Environmental Science

  • ENVS

    What is Environmental Science?

    Environmental Science is a broad and interdisciplinary field primarily concerned with the interrelationships between the lithosphere, the hydrosphere, the atmosphere, and the biosphere. It integrates diverse scientific disciplines such as biology, chemistry, physics, geology, hydrology, atmospheric science, oceanography, and toxicology. Environmental science also touches on many other disciplines such as engineering, psychology, economics, communications, business, and public policy. Environmental science is very inclusive, because we all interact with the environment every single day and it is so critical to our survival.
    Kennesaw State University’s Bachelor of Science degree with a major in Environmental Science provides students a truly interdisciplinary program drawing on faculty expertise and existing courses in the natural sciences, engineering technology, policy, and law. Students completing this program are prepared to enter into industry, consulting, state agencies, or advanced professional programs in the environmental sciences. Graduates will be educated in assessment and control of pollutants, remediation and restoration of toxic sites, sustainable development, management and conservation of natural resources, and conducting environmental research.

    College of Science and Mathematics

    Learn More about Environmental Science

    Admission Requirements


    This program does not have specific admission requirements and only admission to Kennesaw State University is required.

    General Education Core Curriculum Requirements Specific to This Major

    Area A2: Students must take MATH 1113 or higher.

    Area D1: Students must take MATH 1179 or higher.

    Area D2:  Students must take two four-hour laboratory sciences in Area D2. Students must choose from CHEM 1211/L, CHEM 1212/L, PHYS 1111/L*, PHYS 1112/L, PHYS 2211/L*, PHYS 2212/L, BIOL 1107/L, or BIOL 1108/L.

    *Students cannot take both PHYS 1111/L and PHYS 2211/L nor PHYS 1112/L and PHYS 2212/L.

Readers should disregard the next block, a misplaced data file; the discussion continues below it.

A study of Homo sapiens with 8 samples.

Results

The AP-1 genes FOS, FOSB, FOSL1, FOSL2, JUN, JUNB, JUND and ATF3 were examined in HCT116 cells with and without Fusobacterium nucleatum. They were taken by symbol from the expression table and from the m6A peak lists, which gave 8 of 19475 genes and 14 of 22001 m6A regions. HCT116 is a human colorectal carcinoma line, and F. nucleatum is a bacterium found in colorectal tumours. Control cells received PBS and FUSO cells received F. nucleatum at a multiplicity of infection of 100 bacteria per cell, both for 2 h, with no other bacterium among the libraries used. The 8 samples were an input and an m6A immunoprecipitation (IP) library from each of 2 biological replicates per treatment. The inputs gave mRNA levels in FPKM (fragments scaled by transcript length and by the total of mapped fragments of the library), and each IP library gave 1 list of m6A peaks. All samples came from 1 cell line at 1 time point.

Related Minors or Certificates Available

    • Biology Minor
    • Environmental Science Minor
    • Environmental Studies Minor

    Sample Classes

    • This course will provide an overview of soil and water science including study of the physical, chemical and biological properties of each and how these properties relate to soil health and water quality. Students will consider human activities that impact soil and water resources, learn how to assess those impacts and apply management approaches towards them. Laboratory exercises will involve the application of techniques for monitoring soil and water quality and methods for remediation.

    • This course will cover fundamental principles of conservation biology. Students will learn about the history and development of the conservation movement, learn how to examine human impacts on plants and wildlife, delve into interaction of conservation and society, and determine how to manage and conserve endangered species. Class exercises will cover quantitative techniques used to evaluate and predict the status of plant and animal populations and ecological methods for monitoring and maintaining biodiversity in ecosystems.

    • This is an introductory course designed to provide students with a basic foundation for an understanding of the importance of natural resource conservation within the context of a variety of local, regional, national, and global resource and environmental concerns. This course examines the effects various natural resource management practices have on the quality of life for both present and future generations with much of the material focusing on the concept of sustainable development.

    • This course is designed to extend the traditional boundaries of the ethical relationships between humans to the nonhuman world in the natural environment. Philosophical and social issues have surfaced in the twenty-first century emerging as environmental ethical dilemmas demanding resolution. Case studies and a variety of interdisciplinary literature pieces are incorporated which allow students to consider the impact of ethical dilemmas and evaluate their social influences.